The funeral was described in the next week's issues.
The Staffordshire Advertiser 23 October 1852:
"Hanley: Funeral of the late Mr. Jeremiah Yates
In our obituary of last week we noticed the death of Mr Yates, the assistant surveyor of highways for Shelton. His remains were interred in the burial ground of Shelton Church on Sunday afternoon, and were followed to the grave by a very large number of his friends who walked in procession. The road from Crown Bank (his place of residence) to the church was lined with spectators and a dense crowd surrounded the burial ground".
and in the Peoples Paper 23 Oct 1852:
FUNERAL OF MR JEREMIAH YATES
"This respected patriot was buried with well-merited honours. An invitation had been issued to the public to attend in procession from his late residence to Shelton Church. The result was that about 500 people formed themselves in procession. It was calculated there was ten thousand spectators forming a complete line for three parts of a mile. Indeed, so dense was the crowd part of the way, that the line of the procession could scarcely pass between. The procession moved at half past three and arrived at the church at four o'clock.
After the service had been read Mr. Peploin of Stafford (the good Samaritan to the prisoners for the unfortunate riots of '42) delivered a short address to his friends in which he said we could not share in the idea that our friend's death was altogether sudden but that suffering, persecution and reproach for the great principles which he advocated and advanced, by his good conduct had largely contributed to its cause. He exhorted all to follow his example in maintaining sound principles and acting uprightly.
Indeed the whole manifestation on that day was a complete demonstration of the triumph of our principle in the minds of the people, and also a proof that if their minds were not misled by Sophism and deceit and if they were not led astray by the delusions of interested knavery, their labours would soon tend to the realisation of those political and social principles that would place them in a better, freer and happier condition.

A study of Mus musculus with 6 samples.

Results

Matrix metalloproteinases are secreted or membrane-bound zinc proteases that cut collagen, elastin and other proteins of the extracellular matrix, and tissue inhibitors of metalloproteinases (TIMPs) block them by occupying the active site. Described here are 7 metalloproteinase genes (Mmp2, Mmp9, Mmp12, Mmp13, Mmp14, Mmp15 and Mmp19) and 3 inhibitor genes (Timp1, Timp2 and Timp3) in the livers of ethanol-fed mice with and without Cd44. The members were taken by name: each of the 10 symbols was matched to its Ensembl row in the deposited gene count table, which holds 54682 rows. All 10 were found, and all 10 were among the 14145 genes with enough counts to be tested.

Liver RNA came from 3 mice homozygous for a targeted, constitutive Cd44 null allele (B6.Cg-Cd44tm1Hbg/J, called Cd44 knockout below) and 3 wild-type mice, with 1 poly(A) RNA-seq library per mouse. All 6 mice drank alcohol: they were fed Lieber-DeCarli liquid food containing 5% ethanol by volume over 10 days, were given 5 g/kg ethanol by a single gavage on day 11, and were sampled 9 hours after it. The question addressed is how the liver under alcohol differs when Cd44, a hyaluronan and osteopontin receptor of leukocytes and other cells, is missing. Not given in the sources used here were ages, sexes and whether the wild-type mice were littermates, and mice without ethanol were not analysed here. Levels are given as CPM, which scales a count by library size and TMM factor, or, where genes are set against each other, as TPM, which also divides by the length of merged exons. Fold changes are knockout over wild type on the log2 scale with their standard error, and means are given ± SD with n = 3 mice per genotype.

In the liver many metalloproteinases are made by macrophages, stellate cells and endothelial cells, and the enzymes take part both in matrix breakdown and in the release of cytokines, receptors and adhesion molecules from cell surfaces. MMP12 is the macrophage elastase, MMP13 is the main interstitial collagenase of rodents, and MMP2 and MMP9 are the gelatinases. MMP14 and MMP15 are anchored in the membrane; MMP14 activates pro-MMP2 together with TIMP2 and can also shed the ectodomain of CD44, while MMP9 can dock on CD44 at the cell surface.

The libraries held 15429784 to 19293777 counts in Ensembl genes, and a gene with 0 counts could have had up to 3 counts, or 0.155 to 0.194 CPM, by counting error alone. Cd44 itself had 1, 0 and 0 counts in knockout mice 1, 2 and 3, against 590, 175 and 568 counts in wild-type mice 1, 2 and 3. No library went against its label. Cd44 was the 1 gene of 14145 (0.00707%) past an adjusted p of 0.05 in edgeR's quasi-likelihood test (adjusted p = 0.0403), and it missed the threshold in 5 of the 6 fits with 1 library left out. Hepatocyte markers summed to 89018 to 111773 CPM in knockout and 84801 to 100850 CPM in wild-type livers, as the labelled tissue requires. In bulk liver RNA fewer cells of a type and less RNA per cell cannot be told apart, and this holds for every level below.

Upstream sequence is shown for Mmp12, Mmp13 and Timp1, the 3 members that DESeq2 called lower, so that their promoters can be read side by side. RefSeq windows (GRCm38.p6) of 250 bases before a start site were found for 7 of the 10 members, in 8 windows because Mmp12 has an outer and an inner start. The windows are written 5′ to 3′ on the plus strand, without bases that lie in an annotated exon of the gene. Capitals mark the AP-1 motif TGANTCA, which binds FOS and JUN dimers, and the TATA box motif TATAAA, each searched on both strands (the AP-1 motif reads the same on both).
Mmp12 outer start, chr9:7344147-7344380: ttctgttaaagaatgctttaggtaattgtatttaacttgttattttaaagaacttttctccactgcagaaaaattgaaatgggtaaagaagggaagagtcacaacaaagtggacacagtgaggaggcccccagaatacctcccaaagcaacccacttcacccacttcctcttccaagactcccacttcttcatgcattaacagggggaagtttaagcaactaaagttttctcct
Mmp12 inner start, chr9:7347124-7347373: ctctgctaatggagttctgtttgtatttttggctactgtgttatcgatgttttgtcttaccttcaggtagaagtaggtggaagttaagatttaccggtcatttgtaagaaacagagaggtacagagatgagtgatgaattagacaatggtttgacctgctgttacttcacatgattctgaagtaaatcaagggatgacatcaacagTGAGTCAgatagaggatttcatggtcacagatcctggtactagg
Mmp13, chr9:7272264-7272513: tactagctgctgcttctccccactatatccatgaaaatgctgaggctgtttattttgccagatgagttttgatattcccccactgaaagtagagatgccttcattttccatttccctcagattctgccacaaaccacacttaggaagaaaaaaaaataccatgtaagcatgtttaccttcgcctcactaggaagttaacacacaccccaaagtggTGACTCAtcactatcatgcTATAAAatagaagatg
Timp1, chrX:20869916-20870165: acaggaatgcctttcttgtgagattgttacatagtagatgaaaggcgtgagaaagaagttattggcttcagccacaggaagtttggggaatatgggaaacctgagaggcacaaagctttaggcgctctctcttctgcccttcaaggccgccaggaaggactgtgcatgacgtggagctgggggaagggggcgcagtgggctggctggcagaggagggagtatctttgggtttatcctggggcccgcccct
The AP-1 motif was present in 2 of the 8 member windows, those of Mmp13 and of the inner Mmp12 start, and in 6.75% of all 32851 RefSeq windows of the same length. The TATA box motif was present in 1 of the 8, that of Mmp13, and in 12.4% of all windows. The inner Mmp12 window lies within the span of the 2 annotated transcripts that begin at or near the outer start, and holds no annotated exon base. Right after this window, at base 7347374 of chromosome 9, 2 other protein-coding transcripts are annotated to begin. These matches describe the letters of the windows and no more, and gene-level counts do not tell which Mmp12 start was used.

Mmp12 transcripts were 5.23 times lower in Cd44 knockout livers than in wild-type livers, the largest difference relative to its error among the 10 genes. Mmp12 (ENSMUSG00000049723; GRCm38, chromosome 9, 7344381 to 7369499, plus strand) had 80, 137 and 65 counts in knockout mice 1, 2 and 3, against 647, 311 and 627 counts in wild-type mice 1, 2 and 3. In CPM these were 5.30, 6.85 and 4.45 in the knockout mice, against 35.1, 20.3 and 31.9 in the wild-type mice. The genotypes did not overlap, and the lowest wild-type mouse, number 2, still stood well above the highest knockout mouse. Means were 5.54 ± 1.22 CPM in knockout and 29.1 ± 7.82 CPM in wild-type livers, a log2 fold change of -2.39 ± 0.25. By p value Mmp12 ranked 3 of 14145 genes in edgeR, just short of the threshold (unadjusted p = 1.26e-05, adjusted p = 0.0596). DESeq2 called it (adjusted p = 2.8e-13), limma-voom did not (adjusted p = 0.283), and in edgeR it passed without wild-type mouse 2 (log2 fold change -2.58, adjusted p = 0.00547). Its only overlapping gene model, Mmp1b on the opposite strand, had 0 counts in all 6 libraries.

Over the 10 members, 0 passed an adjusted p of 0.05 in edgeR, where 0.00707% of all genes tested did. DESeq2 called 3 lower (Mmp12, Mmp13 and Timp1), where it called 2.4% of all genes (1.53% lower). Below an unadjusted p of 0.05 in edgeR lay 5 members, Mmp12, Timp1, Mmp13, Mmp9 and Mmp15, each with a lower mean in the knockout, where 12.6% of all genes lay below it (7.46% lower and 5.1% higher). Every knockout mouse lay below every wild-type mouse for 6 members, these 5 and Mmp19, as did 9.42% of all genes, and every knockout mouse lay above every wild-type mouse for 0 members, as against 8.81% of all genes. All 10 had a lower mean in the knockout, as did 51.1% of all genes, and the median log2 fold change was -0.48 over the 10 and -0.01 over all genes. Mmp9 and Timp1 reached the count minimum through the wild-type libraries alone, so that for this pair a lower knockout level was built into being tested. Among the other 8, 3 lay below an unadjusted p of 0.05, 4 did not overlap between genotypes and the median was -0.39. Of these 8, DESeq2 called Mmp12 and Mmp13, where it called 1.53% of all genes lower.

Mr & Mrs Linney # from Bilston attended the funeral and also numbers of friends from distant parts.
He sleeps - but unforgotten - for his name
Is linked with goodness - memory's noblest claim.
Toil, peaceful soldier - misery's constant friend,
Want weeps his loss and labour mourns his end.
No pompous watcher come with nodding plume,
To wave black farewells o'er the patriots tomb,
But tearful eye and throbbing heart relates,
That all who knew him miss a friend in YATES."
The "Peoples Paper" of 30 Oct 1852 had a letter from R.C. Gammage describing a speaking tour to N. Wales including:
"Travelling by rail as far as Hanley, I made my way to the house of our late and much lamented brother, Jeremiah Yates, where I shared that generous hospitality to which so just a tribute has been paid in the columns of your journal. During my short stay our late friend was unusually animated in his conversation and I do not know that I ever spent a few minutes better or happier in my life.
You may judge then of the shock I received when a few days subsequently I read in your paper the account of his sudden decease. Alas, I thought, 'how uncertain is human life; how many whose countenance are at this moment beaming with hope, may in less then an hour, be snatched away by the icy hand of death, and all their earthly hopes and aspirations be buried with them in the stilly silence of the tomb'. Should not the thought of this spur us to useful exertion for the short time before the lamp of life is extinguished?....."
A Large memorial was later erected in the Shelton churchyard (St. Marks) some three quarters of a mile from Crown Bank. It was still standing in 1935 but during by the end of the1939/45 war the memorial and other gravestones had been cleared away.
# Linney had been a fellow Chartist prisoner.